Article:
Transportation jobs suffered its third monthly loss in 2016, including the second consecutive monthly job loss in the trucking subsector.
The overall transportation sector lost more than 2,000 jobs in March, according to the U.S. Department of Labor’s Bureau of Labor Statistics. Both January and February this year have experienced job losses.
The truck transportation subsector experienced a decrease of approximately 2,400 jobs in March after the industry lost 600 in February and gained more than 1,000 in January. March marks the largest job loss in the trucking subsector since this past September when trucking lost 4,000 jobs.
Trucking jobs had the second-largest decrease with 2,400 jobs eliminated from to the economy, only behind rail transport with a loss of 2,800 jobs. Truck and rail job losses offset a large gain from the transit and ground passenger transport subsector, which experienced an increase of more than 3,000.
Last year, the trucking industry suffered a loss in only two out of 12 months. Nearly 7,000 trucking jobs were eliminated last March and 4,000 eliminated in September. December’s increase of more than 23,000 jobs was the largest in 2015.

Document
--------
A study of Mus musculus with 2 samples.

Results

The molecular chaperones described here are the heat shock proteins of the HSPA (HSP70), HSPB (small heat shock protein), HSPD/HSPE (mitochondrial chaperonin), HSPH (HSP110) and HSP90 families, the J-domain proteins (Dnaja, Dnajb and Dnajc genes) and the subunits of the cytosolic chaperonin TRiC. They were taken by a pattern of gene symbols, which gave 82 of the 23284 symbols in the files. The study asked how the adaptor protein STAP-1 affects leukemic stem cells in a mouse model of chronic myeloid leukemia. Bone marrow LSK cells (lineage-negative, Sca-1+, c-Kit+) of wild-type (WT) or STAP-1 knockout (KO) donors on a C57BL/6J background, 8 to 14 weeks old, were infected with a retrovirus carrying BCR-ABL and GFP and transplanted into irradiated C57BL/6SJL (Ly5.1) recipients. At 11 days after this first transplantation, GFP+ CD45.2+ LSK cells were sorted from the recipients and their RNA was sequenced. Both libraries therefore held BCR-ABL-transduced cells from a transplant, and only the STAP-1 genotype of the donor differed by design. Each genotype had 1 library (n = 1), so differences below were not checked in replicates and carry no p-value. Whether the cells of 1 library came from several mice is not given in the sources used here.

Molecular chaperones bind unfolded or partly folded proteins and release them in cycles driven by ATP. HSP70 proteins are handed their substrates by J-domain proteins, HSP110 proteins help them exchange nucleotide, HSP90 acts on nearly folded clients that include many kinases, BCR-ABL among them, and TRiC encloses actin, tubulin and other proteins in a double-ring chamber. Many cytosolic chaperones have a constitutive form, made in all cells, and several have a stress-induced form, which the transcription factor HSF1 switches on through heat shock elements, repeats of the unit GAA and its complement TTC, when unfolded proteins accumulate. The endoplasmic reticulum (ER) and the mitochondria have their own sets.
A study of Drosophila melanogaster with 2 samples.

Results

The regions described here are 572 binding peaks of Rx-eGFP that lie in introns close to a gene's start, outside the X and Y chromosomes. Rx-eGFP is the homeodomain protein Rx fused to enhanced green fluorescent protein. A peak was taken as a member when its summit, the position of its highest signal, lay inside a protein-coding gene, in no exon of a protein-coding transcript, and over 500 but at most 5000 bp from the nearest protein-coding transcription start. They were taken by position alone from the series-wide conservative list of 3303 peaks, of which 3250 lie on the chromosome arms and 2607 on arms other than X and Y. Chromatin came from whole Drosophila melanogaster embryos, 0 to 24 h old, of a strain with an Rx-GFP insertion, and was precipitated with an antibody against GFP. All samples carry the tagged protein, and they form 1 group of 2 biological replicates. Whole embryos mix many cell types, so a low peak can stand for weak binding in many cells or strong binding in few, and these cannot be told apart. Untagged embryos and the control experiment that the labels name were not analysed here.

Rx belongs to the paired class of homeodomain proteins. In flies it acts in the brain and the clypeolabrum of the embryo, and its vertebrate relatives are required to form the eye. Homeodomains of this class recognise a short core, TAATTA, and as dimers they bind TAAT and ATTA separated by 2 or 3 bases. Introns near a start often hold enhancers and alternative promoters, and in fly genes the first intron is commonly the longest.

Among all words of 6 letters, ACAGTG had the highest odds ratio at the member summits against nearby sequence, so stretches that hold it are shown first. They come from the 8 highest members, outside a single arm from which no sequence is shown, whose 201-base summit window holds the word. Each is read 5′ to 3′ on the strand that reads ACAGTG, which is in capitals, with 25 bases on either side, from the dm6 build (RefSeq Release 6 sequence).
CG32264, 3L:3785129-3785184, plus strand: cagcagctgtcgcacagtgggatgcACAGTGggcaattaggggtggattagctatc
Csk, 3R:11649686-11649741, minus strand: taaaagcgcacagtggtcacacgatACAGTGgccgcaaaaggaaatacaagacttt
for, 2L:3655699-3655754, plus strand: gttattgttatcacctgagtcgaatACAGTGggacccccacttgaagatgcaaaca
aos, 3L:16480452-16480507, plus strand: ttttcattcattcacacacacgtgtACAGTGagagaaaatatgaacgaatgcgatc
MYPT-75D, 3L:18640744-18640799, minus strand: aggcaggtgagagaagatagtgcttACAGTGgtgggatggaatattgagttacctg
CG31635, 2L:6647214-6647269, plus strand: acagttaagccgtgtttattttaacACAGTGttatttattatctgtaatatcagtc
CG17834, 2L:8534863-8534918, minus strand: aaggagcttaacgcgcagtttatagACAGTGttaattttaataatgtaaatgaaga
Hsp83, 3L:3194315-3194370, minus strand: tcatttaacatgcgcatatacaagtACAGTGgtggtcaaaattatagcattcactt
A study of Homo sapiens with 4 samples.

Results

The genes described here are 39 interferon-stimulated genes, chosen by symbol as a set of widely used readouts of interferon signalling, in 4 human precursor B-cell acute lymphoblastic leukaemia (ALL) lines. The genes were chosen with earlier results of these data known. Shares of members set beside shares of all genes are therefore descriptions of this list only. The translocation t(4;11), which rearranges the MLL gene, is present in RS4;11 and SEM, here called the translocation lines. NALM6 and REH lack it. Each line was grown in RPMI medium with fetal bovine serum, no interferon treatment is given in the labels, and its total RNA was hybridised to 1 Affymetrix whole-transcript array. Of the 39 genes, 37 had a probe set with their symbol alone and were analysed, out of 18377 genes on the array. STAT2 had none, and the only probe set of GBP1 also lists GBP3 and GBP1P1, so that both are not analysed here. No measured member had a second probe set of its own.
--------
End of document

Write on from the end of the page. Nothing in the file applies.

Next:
Average hourly earnings for the transportation and warehousing sector were $23.06 for March, a 2-cent decrease from February. Hourly earnings for production and nonsupervisory employees decreased a penny to $20.94. Average hourly earnings for private, nonfarm payrolls across all industries were $25.43, 7 cents higher from the previous month. Compared with a year ago, average earnings have gone up by 2.3 percent.
According to the report, the unemployment rate for transportation and material moving occupations is down to 6.2 percent from 8.1 percent last March. The overall unemployment rate for the country was mostly unchanged at 5 percent. The number of long-term unemployed was also unchanged compared with the previous month at around 2.2 million, where it has remained since last June. However, that number has decreased by 334,000 in the past 12 months.